TOKYO: Shinya Yamanaka could have made bits of sewing machines for a living. Instead, his tinkering with the building blocks of life has made him a Nobel Prize winner.
Born in 1962 in a Japan beginning a decades-long manufacturing boom, Yamanaka was the only son of a factory owner who produced parts for sewing machines. But even as the country's industries exploded in the 1970s, his father told him he should not follow the traditional Japanese path and take over the family business, but become a doctor.
Half a century later and after a stint as an orthopedic surgeon, he is a leading authority on how cells work.
Kyoto University-based Yamanaka was being celebrated Monday for his work, alongside Briton John Gurdon, on how cells can be reprogrammed.
So-called “nuclear reprogramming” uses a fully-developed adult cell to create a stem cell -- a kind of blank slate that has the potential to become any other kind of cell in the body.
Scientists say in this way they can generate materials either to experiment on, or to use within the body -- perhaps as a means of repairing or even replacing damaged or diseased organs.
Gurdon's work proved that mature cells maintain the “memory” of what they could have been; a brain cell that specialises in transmitting messages retains its ability to absorb nutrients like a cell in the wall of the intestine.
To do this, he took the nucleus from a specialised cell and implanted it into an egg without a nucleus. Allowed to develop naturally, this becomes an early-stage embryo containing stem cells.
Harvesting those cells necessitates the destruction of that embryo. Yamanaka got fully developed adult cells to create stem cells without the need for an embryo to be created -- or destroyed.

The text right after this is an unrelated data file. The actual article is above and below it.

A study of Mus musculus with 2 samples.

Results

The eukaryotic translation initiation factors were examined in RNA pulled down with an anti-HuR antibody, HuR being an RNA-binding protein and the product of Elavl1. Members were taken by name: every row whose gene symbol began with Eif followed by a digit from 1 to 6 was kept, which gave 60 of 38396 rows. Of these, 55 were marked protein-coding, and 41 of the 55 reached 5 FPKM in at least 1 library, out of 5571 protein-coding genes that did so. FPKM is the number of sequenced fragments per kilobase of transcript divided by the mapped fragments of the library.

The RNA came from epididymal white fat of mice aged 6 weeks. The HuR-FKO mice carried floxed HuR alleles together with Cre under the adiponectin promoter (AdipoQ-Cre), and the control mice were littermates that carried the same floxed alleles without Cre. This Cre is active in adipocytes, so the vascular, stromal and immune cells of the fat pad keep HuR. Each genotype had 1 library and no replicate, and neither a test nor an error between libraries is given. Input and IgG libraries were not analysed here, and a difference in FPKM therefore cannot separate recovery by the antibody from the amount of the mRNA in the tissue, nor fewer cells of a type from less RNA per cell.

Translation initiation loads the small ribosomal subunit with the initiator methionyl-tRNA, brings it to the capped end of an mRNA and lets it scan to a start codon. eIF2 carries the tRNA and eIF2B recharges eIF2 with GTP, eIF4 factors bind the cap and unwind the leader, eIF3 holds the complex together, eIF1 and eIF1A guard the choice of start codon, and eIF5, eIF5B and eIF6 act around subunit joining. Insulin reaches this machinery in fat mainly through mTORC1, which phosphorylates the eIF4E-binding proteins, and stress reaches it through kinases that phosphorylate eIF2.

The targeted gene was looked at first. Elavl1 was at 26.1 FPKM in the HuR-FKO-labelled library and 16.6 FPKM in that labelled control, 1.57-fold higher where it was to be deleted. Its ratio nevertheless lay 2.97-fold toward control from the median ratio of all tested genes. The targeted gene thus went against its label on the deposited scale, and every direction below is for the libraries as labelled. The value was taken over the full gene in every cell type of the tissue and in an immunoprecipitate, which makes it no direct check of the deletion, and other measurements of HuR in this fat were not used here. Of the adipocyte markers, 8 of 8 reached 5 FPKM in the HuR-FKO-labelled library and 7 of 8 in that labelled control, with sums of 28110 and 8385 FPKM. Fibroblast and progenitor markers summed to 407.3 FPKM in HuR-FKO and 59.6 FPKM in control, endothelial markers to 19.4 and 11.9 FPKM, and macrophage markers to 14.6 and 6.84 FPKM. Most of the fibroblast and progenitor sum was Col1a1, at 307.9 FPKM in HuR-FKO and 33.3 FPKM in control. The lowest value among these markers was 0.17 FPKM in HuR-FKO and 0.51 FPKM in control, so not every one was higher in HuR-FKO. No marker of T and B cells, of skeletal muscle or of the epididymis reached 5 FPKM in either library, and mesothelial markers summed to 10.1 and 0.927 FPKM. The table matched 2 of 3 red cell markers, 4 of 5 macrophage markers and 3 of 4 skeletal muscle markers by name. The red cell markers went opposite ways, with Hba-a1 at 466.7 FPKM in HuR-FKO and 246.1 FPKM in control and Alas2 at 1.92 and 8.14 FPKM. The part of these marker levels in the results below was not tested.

Writing in the journal Nature in 2010, Yamanaka explained his work. “The stable states of differentiated cells are now known to be controlled by dynamic mechanisms that can easily be perturbed.
“An adult cell can therefore be reprogrammed, altering its pattern of gene expression, and hence its fate, to that typical of another cell type.” Yamanaka called his discovery “induced pluripotent stem (iPS) cells”.
His work was hailed as a breakthrough because it demonstrated that it was possible to sidestep the sticky ethical issue of embryonic stem cell research. Despite its huge promise, many balked at the idea of using -- destroying -- an embryo to get the important stem cells.
It was less of a problem in animal experiments but became a huge hurdle when moving to work on human cells. Religious conservatives, amongst others, objected and stem cell research was stymied.
“If embryo stem cell research is the only way to help patients, then I think that is what we should do,” Yamanaka once said.
“At the same time... as a natural feeling, I do want to avoid the usage of human embryos... Human embryos are not like skin cells, they can be babies if transplanted. That is why we are doing what we are doing” with iPS cells. Stem cell research is seen as having the potential to save lives by helping to find cures for diseases such as cancer and diabetes or to replace damaged cells, tissues and organs.
It also has been touted as a promising intervention for neurodegenerative diseases such as Parkinson's or Alzheimer's, as well as helping create new drugs and improving research.
Yamanaka is acutely aware of how controversial his science can be and says it needs to be strictly regulated.
“We should limit the application of technology to treatment or what can make patients happier,” he has said. “We may be able to generate new life (with this technique), so we are presented with another ethical issue.” He draws the line at creating a new life simply to grow new organs, theoretically possible using his technique.
“It is technically very difficult (but) organ shortage is a big problem right now in many countries. We need some kind of regulation,” he has said. Yamanaka was recognised in 2009, alongside Gurdon, with the Lasker Prize for stem cell research. This year he shared the 1.2-million-euro Millennium Technology Prize with a software engineer.